Have you noticed anything out of the ordinary in the Ramona Grasslands when driving down Rangeland Road? You should—two bald eagles are building a huge nest high up in a eucalyptus tree that's visible from the street.
Dave Bittner, executive director at the Wildlife Research Institute here in Ramona, told Patch that bald eagles have been in San Diego County before this, but this is a first for our small town.
“We have a pair nesting in the north end of the county in Lake Henshaw,” Bittner said, noting that those eagles have been there for a couple of years. “This is the first time ever for the Ramona Grasslands—we’re pretty excited about it.”
Bittner said the institute and researches are hoping for some young this year as the pair of eagles work away at building their nest on the eucalyptus, noting that eggs could be laid by January.
“They’re building everyday,” the director of the non-profit institute said.“If they’re successful breeders they’ll be here year round.”
According to Bittner, bald eagles normally nest around bodies of water, as their main food source comes from rivers and lakes.
“They do a lot of fishing,” he said. “We see them hunting in the grasslands, so we’re not sure what they’re eating... they seem to be hunting near the ponds a lot, though.”
The bald eagles have been spotted in the grasslands since the middle of summer, Bittner said, but researches at the Wildlife Research Institute aren't exactly sure where they came from.
“They could be Southern California birds... from the pair of eagles at Lake Henshaw or Lake Hemet. It’s hard to say,” Bittner said, indicating that the Lake Henshaw bald eagles have produced about six chicks in the past two years.
But the grassland bald eagles are at least 5 years old, due to their white heads and tails, which means, according to Bittner, they could've come from far up north.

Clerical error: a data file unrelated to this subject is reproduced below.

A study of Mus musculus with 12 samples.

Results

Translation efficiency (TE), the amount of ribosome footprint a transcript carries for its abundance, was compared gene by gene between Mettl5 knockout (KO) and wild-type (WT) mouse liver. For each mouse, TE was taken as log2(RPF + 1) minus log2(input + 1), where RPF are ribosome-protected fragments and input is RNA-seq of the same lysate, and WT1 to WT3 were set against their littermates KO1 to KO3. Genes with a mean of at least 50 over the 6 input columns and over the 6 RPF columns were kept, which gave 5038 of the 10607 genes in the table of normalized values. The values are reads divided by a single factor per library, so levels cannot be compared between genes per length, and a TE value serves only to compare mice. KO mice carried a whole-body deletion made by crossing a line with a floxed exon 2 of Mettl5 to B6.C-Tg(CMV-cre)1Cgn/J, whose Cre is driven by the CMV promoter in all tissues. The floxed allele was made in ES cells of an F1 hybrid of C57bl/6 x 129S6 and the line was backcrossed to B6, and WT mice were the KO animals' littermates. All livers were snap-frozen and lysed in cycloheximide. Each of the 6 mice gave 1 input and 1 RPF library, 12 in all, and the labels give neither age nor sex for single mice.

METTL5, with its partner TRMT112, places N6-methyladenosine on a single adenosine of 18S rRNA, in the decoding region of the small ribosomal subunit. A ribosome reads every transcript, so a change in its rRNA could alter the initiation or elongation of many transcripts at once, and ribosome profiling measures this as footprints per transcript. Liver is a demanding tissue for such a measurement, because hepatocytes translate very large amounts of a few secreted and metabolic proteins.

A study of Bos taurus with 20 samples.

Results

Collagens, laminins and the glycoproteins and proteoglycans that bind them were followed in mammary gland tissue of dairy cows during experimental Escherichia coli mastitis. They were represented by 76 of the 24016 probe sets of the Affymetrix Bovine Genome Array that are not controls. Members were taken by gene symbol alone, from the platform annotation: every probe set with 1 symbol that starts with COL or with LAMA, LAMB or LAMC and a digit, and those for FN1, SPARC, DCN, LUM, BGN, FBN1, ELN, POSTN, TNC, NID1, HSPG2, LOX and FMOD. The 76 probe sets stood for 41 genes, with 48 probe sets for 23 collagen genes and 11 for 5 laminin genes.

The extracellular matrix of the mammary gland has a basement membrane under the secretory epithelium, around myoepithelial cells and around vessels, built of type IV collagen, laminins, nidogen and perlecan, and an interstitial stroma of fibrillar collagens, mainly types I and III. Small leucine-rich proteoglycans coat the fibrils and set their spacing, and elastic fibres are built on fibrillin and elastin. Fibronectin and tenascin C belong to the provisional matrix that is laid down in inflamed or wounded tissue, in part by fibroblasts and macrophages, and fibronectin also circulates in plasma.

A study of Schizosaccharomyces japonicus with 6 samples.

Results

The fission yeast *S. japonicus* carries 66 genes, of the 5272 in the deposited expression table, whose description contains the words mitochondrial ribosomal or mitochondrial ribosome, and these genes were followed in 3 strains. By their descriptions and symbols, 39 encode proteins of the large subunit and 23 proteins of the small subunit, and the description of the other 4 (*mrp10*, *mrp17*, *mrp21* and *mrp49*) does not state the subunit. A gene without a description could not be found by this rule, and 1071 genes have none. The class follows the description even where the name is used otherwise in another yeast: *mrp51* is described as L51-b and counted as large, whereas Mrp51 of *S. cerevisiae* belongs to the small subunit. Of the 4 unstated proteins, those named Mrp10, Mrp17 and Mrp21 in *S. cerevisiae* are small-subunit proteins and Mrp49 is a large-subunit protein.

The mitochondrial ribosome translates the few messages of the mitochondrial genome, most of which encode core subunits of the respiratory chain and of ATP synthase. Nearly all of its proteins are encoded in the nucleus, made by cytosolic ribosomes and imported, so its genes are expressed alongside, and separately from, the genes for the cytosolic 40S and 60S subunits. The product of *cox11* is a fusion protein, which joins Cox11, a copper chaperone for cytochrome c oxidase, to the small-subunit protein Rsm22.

“It’s possible these birds could’ve originated out of Canada, or Alaska or Washington State.”
The Wildlife Research Institute remains “cautiously optimistic” that this pair of majestic birds will reproduce, but warns residents to stay away in order to help the efforts of increasing the bald eagle population.
Bittner told Patch that the bald eagle population had seen a "tremendous increase" in areas they would naturally occur.
“In the early 2000s, they were taken off the endangered list,” he said. “They’re listed as 'species of concerns.' They’re being monitored… to make sure they don’t go back on the endangered list.”
The Research Institute stated that observers can see the nest from Rangeland Road near the Ramona Municipal Water District spray fields. The part of preserve the nest is located on is not open to the public.
The institute will have "60x scopes available for close up viewing" at all their Hawk Watches every Saturday in January and February of next year. People wishing to learn more can contact the non-profit at 760-789-3992.
“Having Bald Eagles nest here for the first time in recorded history demonstrates how people working together can help and promote wildlife preserves in an area where we can protect them and observe them at the same time,” the research institute stated.
In the meantime, WRI will document the bald eagle's habits, what their needs are, what they're foraging on in the grasslands and more.
The grassland was purchased and preserved with the cooperation of The Nature Conservancy, California Fish and Game, US Fish and Wildlife Service, Ramona Water District, SD County and the Wildlife Research Institute and our members. This multidisciplinary group has worked for 15 years to preserve over 4,000 acres of Ramona's Grassland for future generations.
Fun fact: Bittner said both male and female bald eagles have similar markings, including a white head and white tail. However, the females tend to be larger than the male, with their wingspan averaging 7-feet. Male bald eagle wingspans average 6-and-a-half-feet.